Friday, September 11, 2009

Stranger than Fiction

Watched the movie, Stranger than Fiction, last night. I didn't realise my son had recorded it onto our hard drive recently, and was pleased to catch up with it.

Will Ferrell does a great job as the very uptight hero, Harold Crick, who would have got on with his exceptionally boring life if it hadn't been for the fact that he's occasionally begun to hear a detailed narration of his life. Somehow he communicates boring without being boring; he's quite endearing, in fact. His narrator is the ever-wonderful Emma Thompson, here playing a famous writer so stricken with writer's block that she's gaunt, drawn and haggard, and as uptight in her own way as Harold is in his his.

Queen Latifah and Dustin Hoffman round out the main roles, and the somewhat surprised romantic female lead is played by Maggie Gyllenhaal (whatever happened to the days when film stars had names that rolled off your tongue?)

Zach Helm, the scriptwriter, has carefully avoiding explaining too much: we have no idea why an apparently real person should suddenly find himself to be a character in someone's book, and no idea how this all works at the end, when 'character' and author eventually meet. By sidestepping that possible complication, Helm is able to focus on the people in the story, and give us a few comments on life and death and the fact that like it or not, we all face death at some time - even if, as Harold remarks rather tearfully, it's just not convenient at the moment. It's also slightly unlikely that someone as wild as Gyllenhaal's character would really fall so readily for someone so boring/oddball as Harold, but somehow it works in the context of the movie. Only Ferrell, perhaps, could make the line, 'I want you' sound both romantic and physical.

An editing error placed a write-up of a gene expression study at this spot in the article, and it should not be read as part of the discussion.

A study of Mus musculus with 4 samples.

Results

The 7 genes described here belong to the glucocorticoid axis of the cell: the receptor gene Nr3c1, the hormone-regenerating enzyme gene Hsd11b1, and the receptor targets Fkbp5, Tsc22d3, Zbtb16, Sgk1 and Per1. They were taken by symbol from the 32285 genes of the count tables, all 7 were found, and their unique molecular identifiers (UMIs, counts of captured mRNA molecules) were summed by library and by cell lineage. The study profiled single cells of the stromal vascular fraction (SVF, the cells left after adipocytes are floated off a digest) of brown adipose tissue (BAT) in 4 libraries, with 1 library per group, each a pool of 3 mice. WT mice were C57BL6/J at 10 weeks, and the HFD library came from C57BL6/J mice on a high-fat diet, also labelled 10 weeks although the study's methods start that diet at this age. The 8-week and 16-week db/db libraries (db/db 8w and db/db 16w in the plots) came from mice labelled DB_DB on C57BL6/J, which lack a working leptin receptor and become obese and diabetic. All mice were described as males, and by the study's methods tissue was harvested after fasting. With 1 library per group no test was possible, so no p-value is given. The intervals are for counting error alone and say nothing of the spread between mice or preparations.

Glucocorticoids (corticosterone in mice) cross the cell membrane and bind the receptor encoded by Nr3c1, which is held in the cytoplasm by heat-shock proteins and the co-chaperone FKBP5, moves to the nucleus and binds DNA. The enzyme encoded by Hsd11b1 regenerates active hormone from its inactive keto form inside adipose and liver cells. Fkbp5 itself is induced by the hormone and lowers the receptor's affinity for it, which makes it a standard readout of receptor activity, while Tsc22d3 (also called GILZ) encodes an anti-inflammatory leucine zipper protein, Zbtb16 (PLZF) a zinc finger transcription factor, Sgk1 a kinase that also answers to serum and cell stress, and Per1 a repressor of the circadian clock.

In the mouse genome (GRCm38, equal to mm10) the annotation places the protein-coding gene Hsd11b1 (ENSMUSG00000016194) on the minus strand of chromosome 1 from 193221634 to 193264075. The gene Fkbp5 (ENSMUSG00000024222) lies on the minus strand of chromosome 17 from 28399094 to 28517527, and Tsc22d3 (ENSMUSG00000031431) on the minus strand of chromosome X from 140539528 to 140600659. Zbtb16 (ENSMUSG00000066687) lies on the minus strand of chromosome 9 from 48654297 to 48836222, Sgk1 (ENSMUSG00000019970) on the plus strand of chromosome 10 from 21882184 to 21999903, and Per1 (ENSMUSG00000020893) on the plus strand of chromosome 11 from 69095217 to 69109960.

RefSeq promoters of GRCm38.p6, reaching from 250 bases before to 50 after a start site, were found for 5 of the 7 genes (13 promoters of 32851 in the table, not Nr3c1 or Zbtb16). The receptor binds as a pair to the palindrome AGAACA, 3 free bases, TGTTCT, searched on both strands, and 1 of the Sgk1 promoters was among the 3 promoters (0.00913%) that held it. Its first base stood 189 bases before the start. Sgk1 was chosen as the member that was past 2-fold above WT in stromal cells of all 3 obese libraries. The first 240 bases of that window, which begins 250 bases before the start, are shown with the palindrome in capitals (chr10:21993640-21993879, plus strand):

Looking back at the list of quotes on I realise again that the dialogue - and narration - in this movie is a lot sharper than you first think. And the humour is subtle; very little of it has that TV sitcom style of: person A makes an odd remark, person B caps it with a laugh line. And there's quite a lot of fun had with the idea of what a story is, how it works, whether it's a comedy or tragedy, and whether all of us have this kind of sense of being part of a story written by someone else.

In the trivia section related to this film, there's this interesting paragraph: The last names of all the characters (and the bus line and publishing firm names) are the names of mathematicians, scientists, engineers, artists, etc. (Harold) Francis Crick: with Watson and Wilkins found the structure of DNA; (Ana) Blaise Pascal: French mathematician and philosopher; (Karen) Gustave Eiffel: engineer and designer of the Eiffel Tower; (Penny) M.C. Escher: Dutch graphic artist; (Dr.) Magnus Gustaf Mittag-Leffler: Swedish mathematician; (Professor Jules) David Hilbert: German mathematician; (Doctor) Gerardus Mercator: 16th century Flemish cartographer; (Kronecker Bus Line) Leopold Kronecker: German-born mathematician and logician; (Banneker Press) Benjamin Banneker: free African American mathematician, astronomer, clockmaker, and publisher; (Dr. Cayly) Arthur Cayley, 19th century British mathematician. Even Dave (no last name) seems to be a reference to the main character from 2001: A Space Odyssey (1968).

It's hard to know how people pick these things up, but it's interesting that they do! (Even harder to know what sort of people pick up the goofs on movies....are they totally focused on looking for inconsistencies?)